If you’ve done any research into web design, you’ve probably heard the phrase “Content is King.” Everyone bandies it around these days. We’ve used it ourselves. But what does it mean, exactly? At the most basic level, it means no one wants an empty box, no matter how pretty the box is. Your site can look like a million bucks, but if you don’t have effective content, no one will care. Not customers, and certainly not search engines. But what is effective content? And is it really “king,” i.e., does content rule over everything else?
No, it doesn’t. It’s a vital part of a successful website, but if your site has scintillating, eye-catching content wrapped in a dysfunctional design, it will fail. A top-notch site needs both. So why is the phrase “content is king” so popular? We think it’s a case of persuasion by exaggeration. Most web-savvy people know that design matters. Fewer people know that content does–witness the myriad sites all across the web that have poorly-written text, annoying flash animation, or weirdly irrelevant links. So even if content isn’t an absolute monarch, it’s still a crucial component of a successful web strategy.
But getting back to our first question–what is effective content? There isn’t one answer to this, obviously. It’s not just good grammar or nice pictures. Effective content should
- Engage the reader
- Enhance your brand
- Increase search engine rankings and traffic
- Attract links from other relevant sites
- Lead to conversions
Now, we could write a lengthy article on each one of these goals. And at some point, we’ll address them in more detail here on the blog. For now, however, consider this post an introduction to the whole complicated business of content strategy. For starters, let’s unpack those five points.
You engage your readers by giving them what they want. Simple, yes? Ah, but what do they want? They’ve found you, so they must want what you’re selling. You just have to remind them of that fact in a compelling way. Tell a brief story. Set up an interesting scenario. Tell them something they didn’t know. Use a catchy headline. Don’t bore them with long, run-on sentences or peripheral facts on your home or landing page. Don’t talk about you. This is about them.
You enhance your brand by creating content that reflects your values, your mission, and (most of all) the needs of your target audience. Your site should remind your customers what you stand for, what you’ve done in the past, and what you promise to deliver in the future. But how do you do this without talking about you? By using interactive, ongoing features such as blogs and forums, and finding the right tone. If you’re running a small, family-owned business, for example, you don’t want to use a lot of slangy expressions that would appeal to urban hipsters. You want to create a community around your brand. Ideally, customers will come to your site to buy your products, but also to see what’s new and to reconnect with your company.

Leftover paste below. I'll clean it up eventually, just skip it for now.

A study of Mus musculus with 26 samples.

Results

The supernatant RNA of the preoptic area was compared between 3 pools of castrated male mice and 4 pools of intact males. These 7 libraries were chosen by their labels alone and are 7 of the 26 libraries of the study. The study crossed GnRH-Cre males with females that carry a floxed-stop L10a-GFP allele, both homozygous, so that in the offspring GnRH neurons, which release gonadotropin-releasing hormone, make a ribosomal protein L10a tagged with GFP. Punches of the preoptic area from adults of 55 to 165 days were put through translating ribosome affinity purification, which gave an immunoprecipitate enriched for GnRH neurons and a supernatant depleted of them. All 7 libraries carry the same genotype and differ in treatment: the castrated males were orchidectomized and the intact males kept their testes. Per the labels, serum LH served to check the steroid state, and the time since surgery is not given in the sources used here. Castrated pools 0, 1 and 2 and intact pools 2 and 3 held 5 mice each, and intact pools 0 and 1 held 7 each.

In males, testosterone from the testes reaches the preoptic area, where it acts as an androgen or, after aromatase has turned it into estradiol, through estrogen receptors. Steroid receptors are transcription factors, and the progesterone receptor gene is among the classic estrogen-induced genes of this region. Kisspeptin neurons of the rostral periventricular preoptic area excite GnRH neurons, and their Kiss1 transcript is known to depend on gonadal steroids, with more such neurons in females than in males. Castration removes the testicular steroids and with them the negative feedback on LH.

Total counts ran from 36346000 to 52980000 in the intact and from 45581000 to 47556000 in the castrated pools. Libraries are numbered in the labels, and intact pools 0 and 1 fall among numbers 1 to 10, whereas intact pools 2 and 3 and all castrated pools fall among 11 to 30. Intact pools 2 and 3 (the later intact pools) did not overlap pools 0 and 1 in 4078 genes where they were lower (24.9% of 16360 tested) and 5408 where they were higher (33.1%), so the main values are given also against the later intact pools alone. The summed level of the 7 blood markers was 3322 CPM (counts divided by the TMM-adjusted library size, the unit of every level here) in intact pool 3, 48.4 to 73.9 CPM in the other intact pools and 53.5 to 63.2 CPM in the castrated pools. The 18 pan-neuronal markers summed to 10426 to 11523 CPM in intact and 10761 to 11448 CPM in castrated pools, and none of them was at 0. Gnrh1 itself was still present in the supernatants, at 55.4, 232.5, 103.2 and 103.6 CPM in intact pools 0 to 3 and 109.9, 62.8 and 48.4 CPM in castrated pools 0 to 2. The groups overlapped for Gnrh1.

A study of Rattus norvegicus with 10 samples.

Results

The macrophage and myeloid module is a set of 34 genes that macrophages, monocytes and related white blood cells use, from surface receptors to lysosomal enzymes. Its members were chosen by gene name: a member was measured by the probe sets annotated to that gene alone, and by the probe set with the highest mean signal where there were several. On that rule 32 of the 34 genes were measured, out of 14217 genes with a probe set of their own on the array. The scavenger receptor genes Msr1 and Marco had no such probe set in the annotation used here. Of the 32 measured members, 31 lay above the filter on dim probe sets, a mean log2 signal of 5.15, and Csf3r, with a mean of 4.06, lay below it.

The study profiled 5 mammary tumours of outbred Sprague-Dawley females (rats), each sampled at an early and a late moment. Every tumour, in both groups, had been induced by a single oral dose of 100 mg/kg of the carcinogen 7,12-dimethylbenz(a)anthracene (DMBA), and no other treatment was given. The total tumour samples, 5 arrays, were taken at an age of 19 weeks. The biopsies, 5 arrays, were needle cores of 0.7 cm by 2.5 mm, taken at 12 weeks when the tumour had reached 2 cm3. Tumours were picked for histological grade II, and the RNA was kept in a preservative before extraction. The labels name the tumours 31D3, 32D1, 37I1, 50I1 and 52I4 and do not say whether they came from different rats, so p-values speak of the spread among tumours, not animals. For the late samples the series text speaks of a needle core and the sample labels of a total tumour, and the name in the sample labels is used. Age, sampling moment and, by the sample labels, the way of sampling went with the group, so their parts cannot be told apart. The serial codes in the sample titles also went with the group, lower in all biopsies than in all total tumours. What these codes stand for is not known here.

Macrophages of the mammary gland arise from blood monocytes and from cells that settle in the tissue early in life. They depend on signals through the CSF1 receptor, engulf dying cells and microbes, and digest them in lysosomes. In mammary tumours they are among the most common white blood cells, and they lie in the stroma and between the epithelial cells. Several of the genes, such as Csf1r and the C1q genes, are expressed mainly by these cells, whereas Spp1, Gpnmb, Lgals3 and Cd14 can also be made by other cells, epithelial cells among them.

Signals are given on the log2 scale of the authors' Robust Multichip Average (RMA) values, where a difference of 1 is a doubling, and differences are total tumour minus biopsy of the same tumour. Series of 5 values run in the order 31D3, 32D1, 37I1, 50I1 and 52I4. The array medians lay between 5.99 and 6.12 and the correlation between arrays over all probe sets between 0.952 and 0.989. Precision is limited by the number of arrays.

You increase search engine rankings by writing relevant content with appropriate keywords and metatags. It sounds easy, but it’s not. You want to find a nice balance between awkward, keyword-stuffed prose and SEO-oblivious text. This is where it’s useful to hire a professional. But if you do want to generate your own content, you’ll want to start with a list of keywords, then use them as “seeds” from which you’ll grow your site’s narrative.
You attract links by linking to sites relevant to and influential in your industry, by commenting on industry blogs and taking part in forums, and by building relationships with professionals in and around your business. But mostly, you attract links by having good content–if your site is informative and influential, it will naturally garner links and citations across the web.
And those conversions? If you combine a disciplined content strategy with functional, appealing design, conversions will naturally follow. The key term here is “disciplined”–that’s why we don’t like to think of content as a capricious monarch, doing whatever he/it wants. Content should serve, not rule your site. David Campbell, the founder of Saks Fifth Avenue, once said that “discipline is remembering what you want.” That’s a good thing to keep in mind when generating content. Remember what your content is for. Remember what your website wants. It wants repeat customers. Every word, every picture, every video clip should serve this end. If it doesn’t, get rid of it and find something better.